U.S. unemployment falls to 7% on 203,000 jobs added
Employers added 203,000 jobs, nearly matching October's revised gain of 200,000, the Labor Department said Friday. The job gains helped lower the unemployment rate from 7.3 percent in October.
Stock investors were heartened by the news, propelling the Dow Jones industrial average up nearly 200 points.
The economy added an average of 204,000 jobs from August through November, up sharply from 159,000 a month from April through July. The robust gain suggested the economy will begin to accelerate. As more employers step up hiring, more people have money to spend to drive the economy.
The job market has shown signs of strengthening at other times since the recession ended 4 ½ years ago, only to weaken and discourage hopes. Some economists say this time, employers may have enough confidence in the economy and consumer demand to step up hiring. A sturdier job market would, in turn, accelerate Americans' spending and energize economic growth.
The report was also encouraging because higher-paying sectors added more jobs. Manufacturers added 27,000 jobs, the most since March 2012. Construction companies added 17,000. The two industries have created a combined 113,000 jobs over the past four months.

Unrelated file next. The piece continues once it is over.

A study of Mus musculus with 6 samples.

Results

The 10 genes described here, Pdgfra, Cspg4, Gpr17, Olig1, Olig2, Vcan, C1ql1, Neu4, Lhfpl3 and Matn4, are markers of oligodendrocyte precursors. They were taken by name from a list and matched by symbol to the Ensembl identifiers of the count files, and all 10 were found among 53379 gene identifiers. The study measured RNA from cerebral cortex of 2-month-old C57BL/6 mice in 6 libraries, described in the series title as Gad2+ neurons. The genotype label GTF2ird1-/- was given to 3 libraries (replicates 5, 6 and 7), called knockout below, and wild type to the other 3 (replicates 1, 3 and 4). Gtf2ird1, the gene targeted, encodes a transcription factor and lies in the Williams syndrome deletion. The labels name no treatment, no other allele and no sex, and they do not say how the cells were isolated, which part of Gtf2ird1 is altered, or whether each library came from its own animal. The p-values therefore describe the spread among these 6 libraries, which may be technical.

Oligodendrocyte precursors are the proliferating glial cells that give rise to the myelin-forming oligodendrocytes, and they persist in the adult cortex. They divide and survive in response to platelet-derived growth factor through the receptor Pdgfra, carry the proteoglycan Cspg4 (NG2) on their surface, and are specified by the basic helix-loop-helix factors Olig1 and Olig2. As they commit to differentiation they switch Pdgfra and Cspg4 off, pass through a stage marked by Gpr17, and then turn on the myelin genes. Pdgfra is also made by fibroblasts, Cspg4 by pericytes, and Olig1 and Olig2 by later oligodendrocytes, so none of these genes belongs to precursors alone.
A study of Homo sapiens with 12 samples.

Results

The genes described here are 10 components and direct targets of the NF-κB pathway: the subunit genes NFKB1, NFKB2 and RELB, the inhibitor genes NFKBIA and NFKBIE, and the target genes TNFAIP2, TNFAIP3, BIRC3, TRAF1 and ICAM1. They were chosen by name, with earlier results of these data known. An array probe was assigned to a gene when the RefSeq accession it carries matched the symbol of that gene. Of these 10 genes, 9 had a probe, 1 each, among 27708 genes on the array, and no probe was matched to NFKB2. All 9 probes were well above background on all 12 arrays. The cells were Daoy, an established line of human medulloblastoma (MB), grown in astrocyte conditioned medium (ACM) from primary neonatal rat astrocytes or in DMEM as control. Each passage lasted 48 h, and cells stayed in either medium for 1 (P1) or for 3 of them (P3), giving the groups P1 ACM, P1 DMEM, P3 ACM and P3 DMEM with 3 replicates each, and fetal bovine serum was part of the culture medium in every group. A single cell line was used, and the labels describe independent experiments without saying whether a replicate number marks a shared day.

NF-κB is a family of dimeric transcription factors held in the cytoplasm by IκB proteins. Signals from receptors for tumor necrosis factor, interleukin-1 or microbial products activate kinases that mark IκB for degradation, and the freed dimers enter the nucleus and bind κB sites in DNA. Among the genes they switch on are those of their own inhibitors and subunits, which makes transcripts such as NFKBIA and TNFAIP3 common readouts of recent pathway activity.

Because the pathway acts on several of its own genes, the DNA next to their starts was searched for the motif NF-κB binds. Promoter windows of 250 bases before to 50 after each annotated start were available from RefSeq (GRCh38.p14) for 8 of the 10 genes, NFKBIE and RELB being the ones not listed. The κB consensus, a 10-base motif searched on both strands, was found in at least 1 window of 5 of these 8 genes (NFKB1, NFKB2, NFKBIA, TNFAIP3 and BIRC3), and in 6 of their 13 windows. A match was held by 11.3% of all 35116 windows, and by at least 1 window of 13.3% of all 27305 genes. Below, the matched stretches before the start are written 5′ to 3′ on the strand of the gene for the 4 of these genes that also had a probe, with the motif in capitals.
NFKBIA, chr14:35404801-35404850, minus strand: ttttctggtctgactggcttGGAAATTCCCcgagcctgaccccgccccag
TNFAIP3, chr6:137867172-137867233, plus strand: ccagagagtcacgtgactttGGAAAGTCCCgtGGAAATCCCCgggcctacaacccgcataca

"It's hinting very, very strongly that the economy is starting to ramp up, that growth is getting better," said Joel Naroff, president of Naroff Economic Advisors.
The job growth has also fueled speculation that the Federal Reserve will scale back its economic stimulus when it meets later this month.
It "gives the Fed all the evidence it needs to begin tapering its asset purchases" at the next meeting, said Paul Ashworth, an economist at Capital Economics.
The unemployment rate has fallen nearly a full percentage point since the Fed began its current bond-buying program in September 2012 and has reached 7 percent earlier than most analysts expected.
In June, Chairman Ben Bernanke suggested the Fed would end its $85 billion in monthly bond purchases after the unemployment rate reached 7 percent. He later backed away from that target, saying the Fed would weigh numerous economic factors.